Buying your first home will most likely be the largest financial decision and process that a person or family will ever make. This makes it essential that people looking to buy a home make sure that they have their paperwork in order and follow their bank’s instructions in order to make sure they get the best rates and pay the least amount in fees as possible. If you are just starting the first time home buying process, follow this set of steps to make sure that you get the house you want.
The first step in buying a home is to figure out how much house you can afford. This means first figuring out your maximum monthly payment. After doing this, it is possible to work backwards using the current average interest rate offered by a bank and an online calculator to determine how much house you can afford to buy.
Once you have this estimate of your purchasing power, start talking to banks about getting a pre-approval letter. A bank will be able to give you an estimate of the interest rate and issue a letter to your realtor stating your price range. With this information, it will be possible to start looking for a home. Don’t worry about getting your number figured out exactly at this point in the first time home buying process. As you look at homes, your bank and realtor will be able to give you good estimates for taxes and insurance costs that will affect your payment amounts.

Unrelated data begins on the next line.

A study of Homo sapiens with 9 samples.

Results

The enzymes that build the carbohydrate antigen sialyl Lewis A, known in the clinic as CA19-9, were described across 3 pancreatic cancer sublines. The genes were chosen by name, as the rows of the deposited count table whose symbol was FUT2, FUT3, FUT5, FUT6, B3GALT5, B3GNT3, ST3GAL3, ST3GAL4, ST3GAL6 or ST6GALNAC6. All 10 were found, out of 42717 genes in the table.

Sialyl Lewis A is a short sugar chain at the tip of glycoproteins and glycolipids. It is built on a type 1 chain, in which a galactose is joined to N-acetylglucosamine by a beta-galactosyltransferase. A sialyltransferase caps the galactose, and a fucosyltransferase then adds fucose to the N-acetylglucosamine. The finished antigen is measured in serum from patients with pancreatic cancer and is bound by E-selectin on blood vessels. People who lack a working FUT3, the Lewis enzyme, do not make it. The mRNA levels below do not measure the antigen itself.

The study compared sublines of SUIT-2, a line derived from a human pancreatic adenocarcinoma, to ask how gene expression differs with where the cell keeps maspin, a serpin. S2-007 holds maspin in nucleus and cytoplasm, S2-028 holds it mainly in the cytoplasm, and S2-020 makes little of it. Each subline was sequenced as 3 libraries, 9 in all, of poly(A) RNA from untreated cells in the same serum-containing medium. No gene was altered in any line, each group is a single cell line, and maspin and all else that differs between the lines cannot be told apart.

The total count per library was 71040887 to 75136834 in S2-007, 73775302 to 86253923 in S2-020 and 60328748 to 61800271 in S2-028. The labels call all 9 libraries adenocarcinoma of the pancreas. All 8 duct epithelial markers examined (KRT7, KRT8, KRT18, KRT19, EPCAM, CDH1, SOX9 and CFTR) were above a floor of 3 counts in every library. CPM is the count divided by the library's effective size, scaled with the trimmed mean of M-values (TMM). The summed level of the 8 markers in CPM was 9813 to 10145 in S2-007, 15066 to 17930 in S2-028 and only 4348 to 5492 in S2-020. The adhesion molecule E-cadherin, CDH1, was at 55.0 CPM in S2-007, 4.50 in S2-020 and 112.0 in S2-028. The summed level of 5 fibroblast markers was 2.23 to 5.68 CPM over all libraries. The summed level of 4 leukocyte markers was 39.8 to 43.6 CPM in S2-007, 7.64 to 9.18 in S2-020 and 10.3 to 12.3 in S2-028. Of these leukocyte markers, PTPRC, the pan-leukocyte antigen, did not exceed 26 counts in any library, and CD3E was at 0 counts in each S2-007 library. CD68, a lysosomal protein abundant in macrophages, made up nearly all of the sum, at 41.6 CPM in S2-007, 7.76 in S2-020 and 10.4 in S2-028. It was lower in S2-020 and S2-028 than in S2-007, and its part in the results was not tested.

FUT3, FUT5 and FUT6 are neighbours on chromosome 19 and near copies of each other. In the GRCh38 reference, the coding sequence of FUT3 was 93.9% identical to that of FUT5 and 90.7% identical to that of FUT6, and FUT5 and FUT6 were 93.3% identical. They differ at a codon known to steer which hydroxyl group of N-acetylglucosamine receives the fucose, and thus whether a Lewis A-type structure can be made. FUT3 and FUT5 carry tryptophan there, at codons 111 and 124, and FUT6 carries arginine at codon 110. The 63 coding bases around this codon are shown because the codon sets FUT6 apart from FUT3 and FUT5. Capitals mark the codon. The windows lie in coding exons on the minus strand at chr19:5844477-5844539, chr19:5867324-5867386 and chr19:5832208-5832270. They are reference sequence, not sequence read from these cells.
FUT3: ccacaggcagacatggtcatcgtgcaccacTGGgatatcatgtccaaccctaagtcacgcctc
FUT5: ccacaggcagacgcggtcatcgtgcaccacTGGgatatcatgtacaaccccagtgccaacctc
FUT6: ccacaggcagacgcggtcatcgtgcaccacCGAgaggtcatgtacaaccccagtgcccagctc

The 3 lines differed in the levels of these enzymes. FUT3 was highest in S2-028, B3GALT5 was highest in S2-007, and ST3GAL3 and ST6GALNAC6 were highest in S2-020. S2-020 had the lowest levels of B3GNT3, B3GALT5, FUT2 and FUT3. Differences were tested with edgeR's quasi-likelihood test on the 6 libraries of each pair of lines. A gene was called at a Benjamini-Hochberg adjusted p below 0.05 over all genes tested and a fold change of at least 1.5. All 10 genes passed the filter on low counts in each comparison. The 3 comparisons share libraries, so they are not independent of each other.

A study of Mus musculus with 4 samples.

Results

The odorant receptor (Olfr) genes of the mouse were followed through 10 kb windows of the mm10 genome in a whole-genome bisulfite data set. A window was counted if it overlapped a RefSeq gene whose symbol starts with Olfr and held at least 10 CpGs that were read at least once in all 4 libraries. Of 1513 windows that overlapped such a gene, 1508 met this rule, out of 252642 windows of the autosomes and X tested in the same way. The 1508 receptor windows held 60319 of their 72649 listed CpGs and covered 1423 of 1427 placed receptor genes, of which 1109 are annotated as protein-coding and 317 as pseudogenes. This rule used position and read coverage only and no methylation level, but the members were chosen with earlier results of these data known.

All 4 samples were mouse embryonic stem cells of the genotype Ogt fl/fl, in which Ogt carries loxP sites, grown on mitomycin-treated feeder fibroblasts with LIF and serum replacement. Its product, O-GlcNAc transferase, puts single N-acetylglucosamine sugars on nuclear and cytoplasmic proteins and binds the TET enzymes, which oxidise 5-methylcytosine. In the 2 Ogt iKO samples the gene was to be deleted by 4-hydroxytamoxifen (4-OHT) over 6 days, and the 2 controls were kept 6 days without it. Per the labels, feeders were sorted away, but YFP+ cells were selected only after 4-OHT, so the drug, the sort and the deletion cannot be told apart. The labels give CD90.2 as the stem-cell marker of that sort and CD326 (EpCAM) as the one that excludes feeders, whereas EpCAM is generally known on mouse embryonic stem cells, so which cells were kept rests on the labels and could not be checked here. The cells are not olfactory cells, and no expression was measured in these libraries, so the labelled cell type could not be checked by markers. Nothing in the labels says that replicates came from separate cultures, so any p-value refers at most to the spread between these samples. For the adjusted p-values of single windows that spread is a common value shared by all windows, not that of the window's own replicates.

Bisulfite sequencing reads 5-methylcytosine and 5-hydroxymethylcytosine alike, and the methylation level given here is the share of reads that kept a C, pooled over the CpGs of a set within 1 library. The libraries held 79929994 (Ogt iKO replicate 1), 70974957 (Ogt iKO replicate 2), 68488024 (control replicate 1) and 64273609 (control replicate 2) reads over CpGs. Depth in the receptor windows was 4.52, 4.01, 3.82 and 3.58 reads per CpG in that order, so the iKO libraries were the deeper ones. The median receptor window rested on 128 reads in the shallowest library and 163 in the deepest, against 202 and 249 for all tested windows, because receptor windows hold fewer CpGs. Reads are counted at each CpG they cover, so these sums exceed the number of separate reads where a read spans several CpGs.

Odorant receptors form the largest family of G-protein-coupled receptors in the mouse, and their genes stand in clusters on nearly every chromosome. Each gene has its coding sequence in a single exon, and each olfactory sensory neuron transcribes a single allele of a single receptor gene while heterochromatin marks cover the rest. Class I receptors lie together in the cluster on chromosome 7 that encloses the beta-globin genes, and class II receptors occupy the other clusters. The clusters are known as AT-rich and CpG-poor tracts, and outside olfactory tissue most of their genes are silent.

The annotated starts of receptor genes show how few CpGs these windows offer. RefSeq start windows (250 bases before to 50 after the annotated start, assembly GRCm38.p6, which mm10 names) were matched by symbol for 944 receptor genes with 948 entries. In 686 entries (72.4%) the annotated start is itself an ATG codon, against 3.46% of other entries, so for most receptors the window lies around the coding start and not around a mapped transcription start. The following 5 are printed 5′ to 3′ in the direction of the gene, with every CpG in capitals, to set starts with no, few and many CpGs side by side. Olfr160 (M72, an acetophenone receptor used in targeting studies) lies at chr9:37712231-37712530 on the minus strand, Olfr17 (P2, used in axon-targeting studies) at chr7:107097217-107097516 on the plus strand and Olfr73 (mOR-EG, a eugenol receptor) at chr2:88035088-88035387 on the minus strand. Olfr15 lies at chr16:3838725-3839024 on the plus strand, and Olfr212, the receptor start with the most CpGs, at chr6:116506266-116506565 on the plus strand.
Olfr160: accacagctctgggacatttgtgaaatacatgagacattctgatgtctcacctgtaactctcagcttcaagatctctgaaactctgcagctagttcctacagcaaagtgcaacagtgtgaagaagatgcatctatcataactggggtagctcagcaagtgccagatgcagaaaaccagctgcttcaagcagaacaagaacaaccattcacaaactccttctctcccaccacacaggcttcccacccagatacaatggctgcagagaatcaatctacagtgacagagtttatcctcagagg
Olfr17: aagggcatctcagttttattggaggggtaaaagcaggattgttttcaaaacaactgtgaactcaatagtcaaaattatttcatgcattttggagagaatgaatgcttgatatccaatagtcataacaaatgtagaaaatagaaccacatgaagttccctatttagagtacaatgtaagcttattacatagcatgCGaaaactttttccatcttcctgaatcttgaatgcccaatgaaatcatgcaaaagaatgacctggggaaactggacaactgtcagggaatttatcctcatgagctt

Once you find a home that fits your needs, it will be time to make an offer. A good realtor will be able to guide you through this process, but be prepared to go through several rounds of negotiations. In addition to settling on a price, it is also possible to negotiate which home repairs will be done to the home before moving in. In most cases, a potential buyer will also be required to put forth “earnest money”. This is a deposit (later applied towards closing costs) that ensures that a buyer is serious about purchasing the home.
As soon as a price has been agreed on, the home is considered to be “under contract”. This means that no other offers on the property will be accepted. In most states, this also means that both parties have thirty days to meet the terms of the contract, unless the contract term has been extended beyond this. Over the next month, it will be necessary to get your paperwork in order and have your bank issue final approval on the mortgage.
During this time, be as financially conservative as possible. The bank will be scrutinizing your credit score and account balances during this time. Avoid large purchases and opening new lines of credit.
You may also want to consider scheduling a home inspector to write a report on the home. In fact, many contracts have a good report from the home inspector as a contingency on the final sale going through. Read this report carefully, and be prepared to walk away from a home that is in poor condition.
Finally, on the day of closing remember to bring any required paperwork and a check to cover the closing costs.